Sarcasm finds medical use in dementia detection (Agence France Presse via Yahoo! News)
"One of the things about FTD patients is that they don't detect humour -- they are very bad at double meaning and a lot of humour (other than sarcasm) is based on double meaning," he said.
The research, conducted in 2006-07, put 26 sufferers of FTD and 19 Alzheimer's patients through a test in which actors acted out different scenarios using exactly the same words.
While in one scenario, the actors would deliver the lines sincerely, in others they would introduce a thick layer of sarcasm. Patients were then asked if they got the joke, Hodges said.
For example, said Hodges, if a couple were discussing a weekend away and the wife suggested bringing her mother, the husband might say: "Well, that's great, you know how much I like your mother, that will really make it a great weekend."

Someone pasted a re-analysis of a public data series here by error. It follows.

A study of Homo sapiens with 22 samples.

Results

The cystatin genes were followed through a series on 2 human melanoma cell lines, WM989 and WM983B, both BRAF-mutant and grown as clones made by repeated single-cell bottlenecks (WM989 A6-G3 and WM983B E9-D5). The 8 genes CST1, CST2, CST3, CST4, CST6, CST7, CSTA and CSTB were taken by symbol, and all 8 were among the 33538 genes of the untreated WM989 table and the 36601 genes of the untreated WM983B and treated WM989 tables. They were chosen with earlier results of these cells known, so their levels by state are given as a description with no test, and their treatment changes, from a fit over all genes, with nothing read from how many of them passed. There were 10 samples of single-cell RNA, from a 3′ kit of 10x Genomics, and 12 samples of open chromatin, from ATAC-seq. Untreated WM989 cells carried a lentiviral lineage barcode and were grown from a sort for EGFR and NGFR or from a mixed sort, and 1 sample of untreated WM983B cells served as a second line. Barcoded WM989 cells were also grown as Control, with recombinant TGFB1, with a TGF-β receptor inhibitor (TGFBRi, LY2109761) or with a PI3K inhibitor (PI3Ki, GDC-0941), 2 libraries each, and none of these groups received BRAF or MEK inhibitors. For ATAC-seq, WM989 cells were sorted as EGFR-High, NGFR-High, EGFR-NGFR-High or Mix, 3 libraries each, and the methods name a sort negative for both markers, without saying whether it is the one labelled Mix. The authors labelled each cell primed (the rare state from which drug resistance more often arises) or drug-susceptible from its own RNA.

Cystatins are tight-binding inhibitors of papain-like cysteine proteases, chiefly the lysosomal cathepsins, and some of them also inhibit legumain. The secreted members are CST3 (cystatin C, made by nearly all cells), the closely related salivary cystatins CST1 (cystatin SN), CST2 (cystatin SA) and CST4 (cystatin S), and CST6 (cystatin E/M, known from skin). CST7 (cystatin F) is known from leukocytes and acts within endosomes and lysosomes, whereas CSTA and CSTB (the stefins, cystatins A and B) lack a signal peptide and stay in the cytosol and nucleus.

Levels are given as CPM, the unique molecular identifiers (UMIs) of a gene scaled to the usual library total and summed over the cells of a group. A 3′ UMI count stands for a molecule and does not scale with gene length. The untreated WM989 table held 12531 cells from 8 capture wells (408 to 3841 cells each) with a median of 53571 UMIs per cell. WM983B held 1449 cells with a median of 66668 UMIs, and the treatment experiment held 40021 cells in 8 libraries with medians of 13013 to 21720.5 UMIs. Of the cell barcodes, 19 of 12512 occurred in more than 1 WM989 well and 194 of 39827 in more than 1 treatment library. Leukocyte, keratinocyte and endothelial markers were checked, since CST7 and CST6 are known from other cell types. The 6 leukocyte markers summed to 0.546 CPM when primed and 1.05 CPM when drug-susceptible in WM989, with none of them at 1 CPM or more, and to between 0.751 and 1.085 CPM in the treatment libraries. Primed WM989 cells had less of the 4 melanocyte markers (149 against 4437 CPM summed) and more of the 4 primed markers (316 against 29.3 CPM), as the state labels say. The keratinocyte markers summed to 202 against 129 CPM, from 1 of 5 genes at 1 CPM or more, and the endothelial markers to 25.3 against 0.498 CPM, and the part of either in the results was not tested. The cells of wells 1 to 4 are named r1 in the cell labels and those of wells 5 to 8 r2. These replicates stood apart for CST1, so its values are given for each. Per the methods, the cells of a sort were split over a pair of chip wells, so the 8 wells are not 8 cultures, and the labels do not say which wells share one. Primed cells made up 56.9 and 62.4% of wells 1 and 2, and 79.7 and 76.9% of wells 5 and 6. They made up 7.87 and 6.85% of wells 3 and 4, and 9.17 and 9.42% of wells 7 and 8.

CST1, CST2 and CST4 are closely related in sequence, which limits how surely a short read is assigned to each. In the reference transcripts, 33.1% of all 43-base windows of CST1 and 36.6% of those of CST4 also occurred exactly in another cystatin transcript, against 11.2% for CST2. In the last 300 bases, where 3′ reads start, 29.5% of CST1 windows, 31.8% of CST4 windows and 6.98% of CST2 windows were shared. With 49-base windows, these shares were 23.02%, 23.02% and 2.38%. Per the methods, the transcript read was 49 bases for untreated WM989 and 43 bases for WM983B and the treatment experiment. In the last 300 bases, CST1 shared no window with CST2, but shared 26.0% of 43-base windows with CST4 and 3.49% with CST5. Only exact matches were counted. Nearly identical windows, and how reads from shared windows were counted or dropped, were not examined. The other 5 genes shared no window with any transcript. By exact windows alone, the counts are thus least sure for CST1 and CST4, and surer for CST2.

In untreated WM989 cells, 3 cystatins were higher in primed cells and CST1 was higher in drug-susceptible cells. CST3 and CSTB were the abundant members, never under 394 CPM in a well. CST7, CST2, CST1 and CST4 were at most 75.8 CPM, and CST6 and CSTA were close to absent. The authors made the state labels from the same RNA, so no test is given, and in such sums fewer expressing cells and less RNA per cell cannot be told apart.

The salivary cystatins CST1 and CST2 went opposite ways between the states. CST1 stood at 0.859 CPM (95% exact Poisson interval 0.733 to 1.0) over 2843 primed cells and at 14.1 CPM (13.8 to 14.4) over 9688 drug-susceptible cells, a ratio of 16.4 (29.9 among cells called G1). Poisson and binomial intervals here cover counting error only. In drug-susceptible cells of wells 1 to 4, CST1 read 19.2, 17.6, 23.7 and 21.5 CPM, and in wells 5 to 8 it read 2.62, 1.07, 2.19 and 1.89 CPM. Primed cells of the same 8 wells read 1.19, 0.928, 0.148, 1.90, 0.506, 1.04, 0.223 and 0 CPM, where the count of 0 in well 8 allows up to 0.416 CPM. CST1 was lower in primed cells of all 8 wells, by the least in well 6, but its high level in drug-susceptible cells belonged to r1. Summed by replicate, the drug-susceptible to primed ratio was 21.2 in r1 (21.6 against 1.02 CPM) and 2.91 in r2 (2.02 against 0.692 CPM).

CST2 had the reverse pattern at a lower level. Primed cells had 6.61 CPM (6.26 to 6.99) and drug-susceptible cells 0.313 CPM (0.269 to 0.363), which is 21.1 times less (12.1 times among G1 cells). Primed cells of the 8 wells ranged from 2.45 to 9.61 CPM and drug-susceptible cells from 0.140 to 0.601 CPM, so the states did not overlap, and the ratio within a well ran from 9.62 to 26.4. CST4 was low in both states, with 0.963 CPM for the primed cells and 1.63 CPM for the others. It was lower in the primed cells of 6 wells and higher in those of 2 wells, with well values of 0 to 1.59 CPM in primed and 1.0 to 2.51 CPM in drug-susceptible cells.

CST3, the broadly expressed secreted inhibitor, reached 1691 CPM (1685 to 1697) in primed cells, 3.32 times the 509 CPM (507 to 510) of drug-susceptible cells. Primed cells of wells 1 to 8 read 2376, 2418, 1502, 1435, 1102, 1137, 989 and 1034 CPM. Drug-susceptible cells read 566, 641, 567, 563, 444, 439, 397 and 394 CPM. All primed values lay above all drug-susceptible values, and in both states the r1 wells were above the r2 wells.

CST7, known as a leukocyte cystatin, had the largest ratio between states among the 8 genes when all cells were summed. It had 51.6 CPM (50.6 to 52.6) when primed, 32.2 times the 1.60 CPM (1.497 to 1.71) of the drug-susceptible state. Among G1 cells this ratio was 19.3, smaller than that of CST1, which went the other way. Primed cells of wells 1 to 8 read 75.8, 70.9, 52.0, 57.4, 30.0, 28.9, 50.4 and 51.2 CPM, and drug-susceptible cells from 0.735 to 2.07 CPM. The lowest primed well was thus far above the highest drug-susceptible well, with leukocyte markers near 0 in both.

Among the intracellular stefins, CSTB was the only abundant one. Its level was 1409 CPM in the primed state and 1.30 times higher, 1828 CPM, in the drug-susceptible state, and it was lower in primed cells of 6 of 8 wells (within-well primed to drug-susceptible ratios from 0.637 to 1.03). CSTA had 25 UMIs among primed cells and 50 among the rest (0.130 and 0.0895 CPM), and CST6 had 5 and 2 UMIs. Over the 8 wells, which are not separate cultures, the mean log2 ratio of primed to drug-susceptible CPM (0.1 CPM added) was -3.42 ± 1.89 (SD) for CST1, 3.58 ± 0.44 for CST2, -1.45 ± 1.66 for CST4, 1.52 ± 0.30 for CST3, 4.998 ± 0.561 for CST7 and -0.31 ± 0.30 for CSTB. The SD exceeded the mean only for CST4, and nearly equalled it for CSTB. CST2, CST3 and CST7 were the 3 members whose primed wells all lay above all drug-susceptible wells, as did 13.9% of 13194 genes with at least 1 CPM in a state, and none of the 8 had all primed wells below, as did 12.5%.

When the same words were delivered sarcastically and then in a neutral tone, the joke was lost on FTD patients, while the Alzheimer's patients got it.
"The patients with FTD are very literal and they take what is being said as genuine and sincere," said Hodges.
FTD, often referred to as Pick's disease, is similar to Alzheimer's in that it involves a progressive decline in mental powers over a number of years, but FTD affects different regions of the brain.
"It can be very difficult to diagnose in early stages and to separate from depression or, later on, schizophrenia or personality disorders," Hodges said.
The sarcasm test could replace some more expensive and less widely available tests for dementia, he said.